Engineers Without Borders-USA

Engineers Without Borders-USA Carroll College Student Chapter

Who We Are

The Carroll College Chapter of Engineers Without Borders USA is dedicated to:

  • improving the quality of life for people in developing communities worldwide through sustainable community development projects, and
  • preparing future leaders who are well equipped to solve the world's most pressing problems.

All are Welcome!

Students, faculty, and professionals from all disciplines are welcome to join Carroll EWB. While our projects always have an engineering component they are, at the same time, multifaceted and require the expertise and skills of individuals from many professions and disciplines. The majority of Carroll EWB students are not engineering majors and come from just about every major on campus (e.g., biology, nursing, languages, business, international relations, education, philosophy, theology, psychology, and engineering).

If you want to do good work, learn effective strategies for global community development, become a leader, and have a lot of fun, join Carroll Engineers Without Borders. Typically, students move quickly into Carroll EWB leadership positions. There are ample opportunities for international travel, even for freshmen. Carroll EWB requires a lot of hard work and dedication, but the rewards are immense.

Who We Serve

Current student projects include strengthening a school building against earthquakes in a Mayan community in Guatemala and providing clean safe water and a sanitation system for a secondary school in a rural village in Uganda.

In Guatemala, we are strengthening a school against earthquakes

Carroll EWB is currently working to reinforce the structure at La Asunción, the local school in Santo Tomás La Union. In the event of an earthquake, the current buildings are at  a very high risk of collapsing.  Since May 2012, a team of Carroll students, faculty, and professional mentors has been collaborating with a local construction crew in Santo Tomás to construct over 26 structural support walls that are required to provide adequate protection of the school against earthquakes.  In 2020, the team completed reconstruction of the library building on the school grounds.  In the next phase of the project, the team will be working on structural retrofit of the lower classroom building.   This process is ongoing and continues to provide a structurally sound building and safe place for people to seek refuge in the event of a local natural disaster.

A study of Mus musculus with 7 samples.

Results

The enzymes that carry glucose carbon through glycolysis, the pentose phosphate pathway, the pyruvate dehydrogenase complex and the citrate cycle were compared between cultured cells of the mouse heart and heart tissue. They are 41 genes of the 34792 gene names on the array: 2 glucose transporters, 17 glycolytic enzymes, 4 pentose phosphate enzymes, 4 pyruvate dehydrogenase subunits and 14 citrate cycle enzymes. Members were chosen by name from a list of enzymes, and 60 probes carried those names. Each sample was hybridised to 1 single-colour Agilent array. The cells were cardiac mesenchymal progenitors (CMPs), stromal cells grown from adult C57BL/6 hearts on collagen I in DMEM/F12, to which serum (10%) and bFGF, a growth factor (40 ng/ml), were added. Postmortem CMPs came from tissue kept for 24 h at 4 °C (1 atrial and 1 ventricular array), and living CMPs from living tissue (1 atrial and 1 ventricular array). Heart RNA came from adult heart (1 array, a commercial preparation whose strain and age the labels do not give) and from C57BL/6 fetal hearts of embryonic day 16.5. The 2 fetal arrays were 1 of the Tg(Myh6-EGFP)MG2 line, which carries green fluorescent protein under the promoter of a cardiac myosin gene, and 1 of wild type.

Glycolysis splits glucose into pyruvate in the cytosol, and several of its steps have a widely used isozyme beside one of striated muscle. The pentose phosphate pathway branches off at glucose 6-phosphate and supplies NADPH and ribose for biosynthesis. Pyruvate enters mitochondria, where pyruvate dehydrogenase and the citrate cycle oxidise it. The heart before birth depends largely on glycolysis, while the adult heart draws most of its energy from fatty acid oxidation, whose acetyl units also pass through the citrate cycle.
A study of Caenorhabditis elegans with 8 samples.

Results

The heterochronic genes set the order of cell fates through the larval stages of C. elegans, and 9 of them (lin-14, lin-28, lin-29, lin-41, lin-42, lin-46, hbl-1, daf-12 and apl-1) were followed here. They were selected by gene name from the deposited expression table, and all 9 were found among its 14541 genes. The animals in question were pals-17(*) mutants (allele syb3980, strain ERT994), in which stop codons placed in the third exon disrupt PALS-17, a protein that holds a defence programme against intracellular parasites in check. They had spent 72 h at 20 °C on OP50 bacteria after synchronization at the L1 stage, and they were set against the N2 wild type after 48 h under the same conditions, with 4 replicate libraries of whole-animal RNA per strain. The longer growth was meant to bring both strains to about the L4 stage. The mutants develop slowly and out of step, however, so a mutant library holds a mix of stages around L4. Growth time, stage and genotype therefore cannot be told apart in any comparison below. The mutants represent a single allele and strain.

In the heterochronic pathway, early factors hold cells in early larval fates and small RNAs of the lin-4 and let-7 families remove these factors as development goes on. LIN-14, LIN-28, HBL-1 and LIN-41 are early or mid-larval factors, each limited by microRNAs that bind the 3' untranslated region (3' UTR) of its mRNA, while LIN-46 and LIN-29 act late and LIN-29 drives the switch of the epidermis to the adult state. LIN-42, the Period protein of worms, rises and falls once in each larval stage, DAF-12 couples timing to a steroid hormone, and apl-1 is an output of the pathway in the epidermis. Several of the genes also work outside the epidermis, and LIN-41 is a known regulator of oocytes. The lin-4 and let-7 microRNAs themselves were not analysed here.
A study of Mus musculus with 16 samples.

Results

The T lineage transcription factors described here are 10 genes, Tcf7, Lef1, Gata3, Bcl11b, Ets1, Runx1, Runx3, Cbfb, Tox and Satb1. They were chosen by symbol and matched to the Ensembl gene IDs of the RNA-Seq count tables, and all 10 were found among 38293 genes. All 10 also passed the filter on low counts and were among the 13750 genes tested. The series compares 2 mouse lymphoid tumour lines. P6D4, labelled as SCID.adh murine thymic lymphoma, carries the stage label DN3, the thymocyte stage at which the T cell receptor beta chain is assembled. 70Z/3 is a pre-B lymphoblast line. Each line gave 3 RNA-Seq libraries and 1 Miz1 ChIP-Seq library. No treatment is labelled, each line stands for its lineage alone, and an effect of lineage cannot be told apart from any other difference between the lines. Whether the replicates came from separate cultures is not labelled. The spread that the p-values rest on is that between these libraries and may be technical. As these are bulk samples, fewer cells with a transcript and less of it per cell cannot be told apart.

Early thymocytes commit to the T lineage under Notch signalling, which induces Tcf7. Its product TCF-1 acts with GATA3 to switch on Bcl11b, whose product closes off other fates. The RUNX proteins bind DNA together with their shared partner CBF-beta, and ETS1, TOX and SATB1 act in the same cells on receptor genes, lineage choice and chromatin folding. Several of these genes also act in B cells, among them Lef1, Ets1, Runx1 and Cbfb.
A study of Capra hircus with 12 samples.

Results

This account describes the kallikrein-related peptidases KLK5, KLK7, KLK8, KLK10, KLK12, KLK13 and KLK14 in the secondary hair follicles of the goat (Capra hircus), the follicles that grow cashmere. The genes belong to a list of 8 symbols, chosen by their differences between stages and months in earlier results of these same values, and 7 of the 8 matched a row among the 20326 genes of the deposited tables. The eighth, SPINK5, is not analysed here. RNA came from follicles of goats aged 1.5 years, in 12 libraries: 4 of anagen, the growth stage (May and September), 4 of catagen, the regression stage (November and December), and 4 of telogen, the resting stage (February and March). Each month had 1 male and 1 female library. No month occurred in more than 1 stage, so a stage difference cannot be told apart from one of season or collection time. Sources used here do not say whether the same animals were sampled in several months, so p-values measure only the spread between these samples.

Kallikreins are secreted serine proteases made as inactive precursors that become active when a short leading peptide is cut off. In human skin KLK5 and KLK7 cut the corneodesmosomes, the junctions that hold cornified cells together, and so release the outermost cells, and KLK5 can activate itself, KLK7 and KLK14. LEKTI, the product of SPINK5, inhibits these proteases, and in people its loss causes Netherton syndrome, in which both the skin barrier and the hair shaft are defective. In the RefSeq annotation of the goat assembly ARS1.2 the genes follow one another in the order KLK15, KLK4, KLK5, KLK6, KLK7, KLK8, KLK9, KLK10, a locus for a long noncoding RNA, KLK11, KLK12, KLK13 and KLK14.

In Uganda, we are providing safe clean water to the small village of Kawango.

Our Uganda chapter works in a small village on the Equator called Kawango. We began working in this community in 2016, aiming to better the quality of their drinking water. The community members were drinking water from boreholes that produced discolored water due to the corroded piping system. The unhealthy look of this water influenced villagers to collect their water from the nearby springs that seemed cleaner in appearance. However, our team found that these springs tested positive for E. coli and served as a breeding ground for mosquitoes spreading malaria. Throughout several visits, we have rehabilitated three of the community’s existing wells, built a new well on the campus of Holy Trinity Senior Secondary School, and installed an elevated large storage tank with a submersible solar-powered pump to provide running water to the school. Future trips will focus on assessing the school’s sanitation system (currently, pit latrines) and installing an upgraded system that will better serve the school’s projected enrollment growth.  Partner organizations working with Carroll EWB at Holy Trinity School include The Julius Foundation, who have brought electricity to the village and the school, and the Rotary Club of Helena, who are working to provide a fully equipped computer lab.

Thank you to those who helped us complete projects in Mexico & St. Lucia!

Carroll EWB wrapped up projects at an orphanage in Mexico. Its first project focused on implementing a waste-water treatment system that allows the orphanage to clean its wastewater and reuse it for fish farming and irrigation. The second project centered around the development and installation of a new irrigation system that brings water nearly one mile from two reservoirs to seven farm fields. The final project was the building of a pedestrian bridge that provides for more efficient and safer operations at the orphanage.

Our work in St. Lucia included repairing the rainwater catchment system, installing a more efficient pump, separating the rainwater from the more expensive municipal water, and advising staff toward more efficient use of the system to reduce costs of operations and provide better care for the residents of the Marian Home for the Elderly. An efficient and effective domestic water system is a critical element for the good care that the Carmelite sisters provide for the Home's residents.